Table 1 Evidence for pharmacological complementary medicines
RemedyEffectiveness at RCT/meta-analysis (META) level in placebo (PLB) or equivalence (EQU) studiesReceptor targets/mechanism of actionSelected safety concerns
Affective disorders
    St John’s wortMETA PLB (n = 26): marginally effective in major depression5HTCYP 3A4 and p-glycoprotein induction may lead to significant pharmacological interactions, serotonergic side effects including serotonin syndrome and induction of mania possible
META EQU (n = 14): effective (3)GABA
META PLB (n = 18): trend towards reduction in effect size in meta-analysis, effect size inversely associated with sample size (4)MAO inhibition
    S-Adenosyl-methionine (SAMe)META PLB (n = 6) EQU (n = 7) and RCTs EQU (n = 2): effective in major depression (5,6,7)Facilitates monoamine synthesis (5HT, NA, DA)Serotonergic side effects as above
Modification of 2nd messenger systems
    n-3 fatty acidsRCT: no effect on mild to moderate depression (8)Modification of 2nd messenger systemsToxicity possible if combined with other vitamin A preparations
META PLB (n = 10): improves depressive symptoms in patients with clearly defined depression or bipolar affective disorder. Results heterogenous and subject to publication bias. Role of EPA and DHA requires further evaluation. High-dose EPA more effective? (9)
META PLB (n = 8) improves depression in patients with bipolar or unipolar depression either as augmentation or monotherapy. Ceiling effect of 1 g for EPA? (10)
    l-Tryptophan, 5-hydroxy-tryptophanPreliminary5HTSerotonergic side effects as above
Association with eosinophilic myalgic syndrome remains unclear
    Folic acidPreliminary re augmentation strategyPrecursor to SAMeCaution in patients with cancer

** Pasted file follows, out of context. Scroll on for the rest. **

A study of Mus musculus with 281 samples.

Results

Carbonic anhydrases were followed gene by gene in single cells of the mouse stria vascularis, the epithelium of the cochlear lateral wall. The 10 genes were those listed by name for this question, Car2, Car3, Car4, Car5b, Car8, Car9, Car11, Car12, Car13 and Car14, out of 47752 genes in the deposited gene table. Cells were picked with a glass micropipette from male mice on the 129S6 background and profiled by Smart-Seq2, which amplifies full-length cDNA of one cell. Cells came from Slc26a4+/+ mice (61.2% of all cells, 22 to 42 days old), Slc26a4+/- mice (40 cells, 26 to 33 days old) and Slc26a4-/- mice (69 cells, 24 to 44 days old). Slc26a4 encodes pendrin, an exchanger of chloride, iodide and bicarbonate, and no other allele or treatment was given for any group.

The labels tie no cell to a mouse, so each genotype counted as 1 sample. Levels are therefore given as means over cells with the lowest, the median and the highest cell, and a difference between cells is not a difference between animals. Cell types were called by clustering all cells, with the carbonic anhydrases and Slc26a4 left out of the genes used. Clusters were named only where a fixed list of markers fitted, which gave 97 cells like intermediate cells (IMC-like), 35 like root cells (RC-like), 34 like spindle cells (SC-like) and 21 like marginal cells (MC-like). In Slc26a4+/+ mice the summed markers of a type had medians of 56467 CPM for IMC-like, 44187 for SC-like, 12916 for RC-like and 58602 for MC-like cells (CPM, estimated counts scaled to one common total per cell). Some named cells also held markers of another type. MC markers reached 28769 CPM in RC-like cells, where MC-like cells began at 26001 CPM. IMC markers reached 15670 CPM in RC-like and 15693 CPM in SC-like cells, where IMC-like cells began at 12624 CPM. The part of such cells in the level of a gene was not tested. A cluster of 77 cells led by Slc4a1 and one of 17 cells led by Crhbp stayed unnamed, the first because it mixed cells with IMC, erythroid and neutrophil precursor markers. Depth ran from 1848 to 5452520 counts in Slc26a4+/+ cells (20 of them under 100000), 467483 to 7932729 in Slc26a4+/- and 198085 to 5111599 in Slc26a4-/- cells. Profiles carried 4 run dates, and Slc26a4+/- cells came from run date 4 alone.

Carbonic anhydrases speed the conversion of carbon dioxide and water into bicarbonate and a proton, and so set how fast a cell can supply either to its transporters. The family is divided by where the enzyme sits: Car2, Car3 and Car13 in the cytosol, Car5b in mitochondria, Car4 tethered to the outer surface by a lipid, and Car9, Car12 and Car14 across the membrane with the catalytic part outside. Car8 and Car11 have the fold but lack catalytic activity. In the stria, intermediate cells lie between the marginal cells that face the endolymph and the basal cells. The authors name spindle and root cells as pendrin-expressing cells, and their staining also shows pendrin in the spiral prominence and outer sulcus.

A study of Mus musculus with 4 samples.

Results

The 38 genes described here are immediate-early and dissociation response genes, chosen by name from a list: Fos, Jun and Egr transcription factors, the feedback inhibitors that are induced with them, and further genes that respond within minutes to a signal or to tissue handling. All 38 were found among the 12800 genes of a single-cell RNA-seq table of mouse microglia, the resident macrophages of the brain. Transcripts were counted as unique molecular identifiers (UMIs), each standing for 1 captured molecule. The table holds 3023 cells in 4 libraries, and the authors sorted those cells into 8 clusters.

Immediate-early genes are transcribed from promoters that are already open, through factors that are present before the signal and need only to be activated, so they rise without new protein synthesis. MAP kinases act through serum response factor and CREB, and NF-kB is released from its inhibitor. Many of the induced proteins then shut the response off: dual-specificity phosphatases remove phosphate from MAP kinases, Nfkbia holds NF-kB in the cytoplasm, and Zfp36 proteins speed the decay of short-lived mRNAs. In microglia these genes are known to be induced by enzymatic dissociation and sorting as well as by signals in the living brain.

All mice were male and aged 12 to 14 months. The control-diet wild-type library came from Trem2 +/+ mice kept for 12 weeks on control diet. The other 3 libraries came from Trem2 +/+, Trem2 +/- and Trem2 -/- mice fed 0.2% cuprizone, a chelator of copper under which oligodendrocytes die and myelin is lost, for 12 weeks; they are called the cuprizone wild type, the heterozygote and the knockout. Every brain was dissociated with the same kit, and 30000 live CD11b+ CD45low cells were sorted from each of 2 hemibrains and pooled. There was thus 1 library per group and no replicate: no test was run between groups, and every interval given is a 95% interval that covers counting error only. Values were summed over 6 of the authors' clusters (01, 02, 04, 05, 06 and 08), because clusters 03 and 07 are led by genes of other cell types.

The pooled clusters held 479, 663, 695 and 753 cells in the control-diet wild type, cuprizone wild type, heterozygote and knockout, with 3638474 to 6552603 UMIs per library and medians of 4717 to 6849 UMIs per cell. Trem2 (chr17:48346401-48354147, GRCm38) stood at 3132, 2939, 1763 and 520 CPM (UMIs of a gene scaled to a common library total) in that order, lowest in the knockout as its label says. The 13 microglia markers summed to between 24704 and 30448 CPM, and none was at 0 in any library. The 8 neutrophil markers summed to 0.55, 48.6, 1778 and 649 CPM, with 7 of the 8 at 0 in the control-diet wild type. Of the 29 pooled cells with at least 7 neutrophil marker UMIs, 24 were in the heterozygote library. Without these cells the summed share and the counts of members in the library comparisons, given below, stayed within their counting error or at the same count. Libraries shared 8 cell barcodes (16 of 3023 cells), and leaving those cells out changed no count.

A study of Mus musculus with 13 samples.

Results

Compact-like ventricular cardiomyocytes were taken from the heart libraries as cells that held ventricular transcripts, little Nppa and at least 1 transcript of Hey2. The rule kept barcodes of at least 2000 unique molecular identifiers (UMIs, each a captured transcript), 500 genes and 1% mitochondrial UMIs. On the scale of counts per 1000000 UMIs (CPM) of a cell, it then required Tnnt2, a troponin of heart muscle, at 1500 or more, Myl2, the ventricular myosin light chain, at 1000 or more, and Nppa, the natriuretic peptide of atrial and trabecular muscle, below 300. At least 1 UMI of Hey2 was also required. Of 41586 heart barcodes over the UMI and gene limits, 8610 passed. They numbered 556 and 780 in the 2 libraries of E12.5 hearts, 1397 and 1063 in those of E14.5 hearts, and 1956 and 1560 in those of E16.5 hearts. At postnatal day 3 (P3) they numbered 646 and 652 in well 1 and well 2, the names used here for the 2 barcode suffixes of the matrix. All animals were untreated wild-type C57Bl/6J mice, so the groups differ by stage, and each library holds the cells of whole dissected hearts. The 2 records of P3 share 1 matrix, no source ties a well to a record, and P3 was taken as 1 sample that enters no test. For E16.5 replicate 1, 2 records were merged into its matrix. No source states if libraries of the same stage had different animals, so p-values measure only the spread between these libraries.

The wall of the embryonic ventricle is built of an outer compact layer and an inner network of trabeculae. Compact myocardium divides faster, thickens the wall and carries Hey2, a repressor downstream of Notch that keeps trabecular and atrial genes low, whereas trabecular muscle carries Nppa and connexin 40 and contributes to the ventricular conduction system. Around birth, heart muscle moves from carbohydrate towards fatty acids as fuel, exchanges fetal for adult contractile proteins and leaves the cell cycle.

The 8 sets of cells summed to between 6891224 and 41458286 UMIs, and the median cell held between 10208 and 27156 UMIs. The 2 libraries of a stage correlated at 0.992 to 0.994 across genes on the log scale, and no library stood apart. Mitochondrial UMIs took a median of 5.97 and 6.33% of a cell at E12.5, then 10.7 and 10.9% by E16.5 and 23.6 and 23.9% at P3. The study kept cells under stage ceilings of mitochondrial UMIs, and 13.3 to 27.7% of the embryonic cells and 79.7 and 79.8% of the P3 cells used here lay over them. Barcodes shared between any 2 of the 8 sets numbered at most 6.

InositolInconclusive re treatment or augmentation strategyModification of 2nd messenger systemsInduction of mania?
Carbamazepine, valproate and lithium ↓ inositol
    SeleniumNone availableAntioxidantNarrow therapeutic index
↑ T4→T3 conversion
Anxiety and related disorders and insomnia
    ValerianMETA PLB (n = 6) and RCTs EQU (n = 2): improves insomnia (11–13)GABALiver toxicity may depend on extract (valepotriates)
Anxiety: insufficient evidence available
    Passion flowerPreliminary for reduction in anxietyGABASome extracts contain cyanogenic components
    ChamomileNone availableGABA
    Kava kavaMETA PLB (n = 7): effective in the reduction in anxiety (14)GABASignificant liver toxicity possible (may be extract-dependent)
DA antagonist
    Star flower/borageNone availableUnclearMay ↓ seizure threshold, potentially liver toxic
    Lemon balmNone availableGABA?
Cholinergic?
    HopsNo single-component trials availableUnclear
    OatsNone available5HT? (a source of tryptophan)
    LavenderNone availableUnclear, also purported to have antidepressive and pain-reducing properties
    Melatonin (N-acetyl-S-metoxy tryptamine)InconclusiveRegulates circadian rhythm
GABA
    Bach flower remediesNot effectiveUnclear
Psychosis and schizophrenia
    RauwolfiaEvidence dating back to 1950s/60s. No current evidence available.Facilitates degradation of monoaminesDepression, cardiac effects
    n-3 fatty acidsInconclusiveCf aboveCf above
Tardive dykinesia
    Vitamin EInconclusiveAntioxidantMay ↑ all-cause mortality
    MelatoninInconclusiveAntioxidant
    n-3 fatty acidsNot effectiveCf aboveCf above
  • Updated and collated from references 1 and 2.

  • CYP, cytochrome P 450; DA, dopamine; GABA, gamma-aminobutyric acid; DHA, docosahexaonic aicd; EPA, eicosapentaenoic acid; EQU, equivalence studies; 5HT, 5-hydroxytryptophan (serotonin); MAO, monoaminoxidase; META, meta-analysis; n-3 fatty acids, omega-3 fatty acids; PLB, placebo controlled studies; RCT, randomised controlled trial.